Cash-outs regained a sliver of their shrinking share of the refinance business for Freddie Mac-owned loans this quarter, the company reported, coming in at 43 percent of all refinances.
This share ranks second-lowest of any quarter dating back to 1997. Only fourth quarter 2002 came in lower, at 41 percent, according to the quarterly refinance review released by the McLean-Va.-based company.
However, the share of cash-outs may be distorted by the record refinance application activity; the Mortgage Bankers Association of America reported that refinance applications reached their highest level ever during March. If the number of cash-out transactions remained the same as prior quarters, the record refinance applications still would have pushed down the cash-out share. As rates rise and refinance applications fall, the share of cash-outs will likely soar.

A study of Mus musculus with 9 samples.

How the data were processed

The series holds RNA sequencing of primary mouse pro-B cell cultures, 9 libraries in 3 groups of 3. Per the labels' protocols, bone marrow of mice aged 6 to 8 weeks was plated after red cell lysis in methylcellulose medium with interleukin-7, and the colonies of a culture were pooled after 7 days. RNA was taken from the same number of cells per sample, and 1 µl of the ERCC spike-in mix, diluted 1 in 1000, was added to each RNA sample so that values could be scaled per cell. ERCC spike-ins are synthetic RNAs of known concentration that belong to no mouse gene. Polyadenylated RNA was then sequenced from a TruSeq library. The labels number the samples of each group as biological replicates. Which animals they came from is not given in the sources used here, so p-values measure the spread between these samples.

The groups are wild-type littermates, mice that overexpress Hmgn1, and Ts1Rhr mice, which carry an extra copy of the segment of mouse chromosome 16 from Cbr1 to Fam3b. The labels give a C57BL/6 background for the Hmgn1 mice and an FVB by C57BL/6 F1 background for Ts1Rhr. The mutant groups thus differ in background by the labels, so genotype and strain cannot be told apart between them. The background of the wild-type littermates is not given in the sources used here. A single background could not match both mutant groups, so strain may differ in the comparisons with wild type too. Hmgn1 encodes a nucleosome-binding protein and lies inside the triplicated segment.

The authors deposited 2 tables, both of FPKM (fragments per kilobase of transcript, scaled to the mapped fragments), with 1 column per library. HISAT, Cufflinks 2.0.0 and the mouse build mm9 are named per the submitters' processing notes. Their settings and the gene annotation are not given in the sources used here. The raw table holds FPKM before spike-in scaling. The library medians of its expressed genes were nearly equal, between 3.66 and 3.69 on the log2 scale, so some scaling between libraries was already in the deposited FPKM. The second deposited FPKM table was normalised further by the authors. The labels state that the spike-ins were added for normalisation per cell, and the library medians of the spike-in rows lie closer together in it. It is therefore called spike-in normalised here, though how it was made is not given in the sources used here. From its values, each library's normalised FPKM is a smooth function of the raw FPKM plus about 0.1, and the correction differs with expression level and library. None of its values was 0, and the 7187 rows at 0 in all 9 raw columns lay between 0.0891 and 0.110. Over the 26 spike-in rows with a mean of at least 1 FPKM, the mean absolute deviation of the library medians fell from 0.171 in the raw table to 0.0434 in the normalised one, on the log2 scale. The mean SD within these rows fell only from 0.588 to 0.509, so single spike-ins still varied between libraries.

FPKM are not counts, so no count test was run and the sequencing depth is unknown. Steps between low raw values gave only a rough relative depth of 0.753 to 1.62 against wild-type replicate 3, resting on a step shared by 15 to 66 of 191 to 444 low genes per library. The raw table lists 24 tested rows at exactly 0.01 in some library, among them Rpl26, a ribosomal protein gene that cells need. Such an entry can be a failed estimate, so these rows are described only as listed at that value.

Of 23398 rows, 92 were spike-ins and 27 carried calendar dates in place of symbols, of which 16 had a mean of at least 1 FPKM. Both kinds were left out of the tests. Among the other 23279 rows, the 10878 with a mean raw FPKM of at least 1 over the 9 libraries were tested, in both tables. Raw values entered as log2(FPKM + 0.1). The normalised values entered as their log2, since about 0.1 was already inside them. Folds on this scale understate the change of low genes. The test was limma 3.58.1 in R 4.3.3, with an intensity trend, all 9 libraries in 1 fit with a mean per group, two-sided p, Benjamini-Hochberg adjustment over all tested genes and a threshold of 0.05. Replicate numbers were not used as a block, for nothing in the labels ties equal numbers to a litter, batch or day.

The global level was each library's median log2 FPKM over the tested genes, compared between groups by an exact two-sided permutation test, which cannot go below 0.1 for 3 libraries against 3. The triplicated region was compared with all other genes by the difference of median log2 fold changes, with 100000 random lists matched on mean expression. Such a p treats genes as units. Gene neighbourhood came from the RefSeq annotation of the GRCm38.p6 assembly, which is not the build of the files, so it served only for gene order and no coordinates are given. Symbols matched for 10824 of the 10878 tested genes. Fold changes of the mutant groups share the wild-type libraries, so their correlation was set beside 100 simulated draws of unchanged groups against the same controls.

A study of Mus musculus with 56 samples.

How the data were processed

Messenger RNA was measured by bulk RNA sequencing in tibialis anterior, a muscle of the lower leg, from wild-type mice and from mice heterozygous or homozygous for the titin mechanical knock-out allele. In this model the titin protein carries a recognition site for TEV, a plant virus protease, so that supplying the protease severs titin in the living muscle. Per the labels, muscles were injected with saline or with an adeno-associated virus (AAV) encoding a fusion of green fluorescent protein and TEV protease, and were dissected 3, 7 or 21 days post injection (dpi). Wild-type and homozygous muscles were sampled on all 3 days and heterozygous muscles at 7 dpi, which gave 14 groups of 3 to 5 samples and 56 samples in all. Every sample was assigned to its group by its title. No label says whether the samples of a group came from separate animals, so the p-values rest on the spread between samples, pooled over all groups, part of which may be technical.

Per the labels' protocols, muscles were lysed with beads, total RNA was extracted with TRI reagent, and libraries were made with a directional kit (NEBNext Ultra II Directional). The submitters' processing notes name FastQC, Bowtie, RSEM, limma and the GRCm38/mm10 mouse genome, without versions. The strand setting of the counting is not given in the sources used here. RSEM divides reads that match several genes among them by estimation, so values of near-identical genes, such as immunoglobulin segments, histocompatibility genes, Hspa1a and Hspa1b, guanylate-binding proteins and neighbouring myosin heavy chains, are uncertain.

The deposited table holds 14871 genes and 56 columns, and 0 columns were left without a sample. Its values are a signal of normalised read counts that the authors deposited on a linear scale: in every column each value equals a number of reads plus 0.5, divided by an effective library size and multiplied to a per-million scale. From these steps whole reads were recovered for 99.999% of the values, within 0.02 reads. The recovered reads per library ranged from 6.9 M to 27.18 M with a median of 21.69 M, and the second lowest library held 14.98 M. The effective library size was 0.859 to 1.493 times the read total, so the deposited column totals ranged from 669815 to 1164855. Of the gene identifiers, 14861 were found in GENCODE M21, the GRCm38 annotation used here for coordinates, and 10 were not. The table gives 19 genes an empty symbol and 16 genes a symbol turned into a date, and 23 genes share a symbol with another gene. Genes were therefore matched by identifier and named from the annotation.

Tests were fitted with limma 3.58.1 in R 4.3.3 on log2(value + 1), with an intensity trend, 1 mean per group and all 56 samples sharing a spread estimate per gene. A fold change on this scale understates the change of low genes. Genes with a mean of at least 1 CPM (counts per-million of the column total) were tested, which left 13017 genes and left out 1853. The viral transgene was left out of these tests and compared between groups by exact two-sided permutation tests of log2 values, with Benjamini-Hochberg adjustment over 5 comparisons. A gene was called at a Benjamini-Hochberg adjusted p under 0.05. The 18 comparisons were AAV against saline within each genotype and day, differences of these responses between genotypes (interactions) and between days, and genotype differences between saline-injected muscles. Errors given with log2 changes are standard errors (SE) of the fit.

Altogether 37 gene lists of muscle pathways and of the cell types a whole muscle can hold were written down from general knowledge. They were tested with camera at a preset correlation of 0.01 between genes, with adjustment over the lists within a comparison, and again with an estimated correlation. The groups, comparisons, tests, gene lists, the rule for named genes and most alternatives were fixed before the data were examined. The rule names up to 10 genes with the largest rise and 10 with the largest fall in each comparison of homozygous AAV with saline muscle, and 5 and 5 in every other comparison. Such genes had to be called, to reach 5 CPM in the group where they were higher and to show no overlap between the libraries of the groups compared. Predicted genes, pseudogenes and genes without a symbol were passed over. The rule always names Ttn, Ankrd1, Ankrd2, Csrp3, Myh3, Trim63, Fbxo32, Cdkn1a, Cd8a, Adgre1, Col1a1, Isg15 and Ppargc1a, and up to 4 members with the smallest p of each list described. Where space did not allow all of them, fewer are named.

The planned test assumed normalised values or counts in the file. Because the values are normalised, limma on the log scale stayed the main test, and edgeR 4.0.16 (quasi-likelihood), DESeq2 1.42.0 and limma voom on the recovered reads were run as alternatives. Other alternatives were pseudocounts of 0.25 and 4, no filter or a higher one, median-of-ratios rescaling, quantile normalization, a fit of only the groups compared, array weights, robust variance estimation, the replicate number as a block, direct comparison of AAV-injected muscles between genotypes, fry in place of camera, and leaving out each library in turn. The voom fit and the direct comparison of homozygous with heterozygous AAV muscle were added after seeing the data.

A loan is considered a cash-out if the refinanced amount is at least 5 percent higher than the original mortgage. In the statement, the company presented information by quarter dating back to the beginning of 1997.
Cash-outs as a share of total refinances topped out at 82 percent in third quarter 2000. They represented 60 percent of total refinances for first quarter 2002, the statement said.
First quarter 2003 also marked the next-to-lowest median age of refinanced loans reported by the company, 1.9 years. The only quarter with a lesser age in the last five years was first quarter 2001, at 1.6 years, the statement said. Fourth quarter 2002 median age was reported at 2.9 years.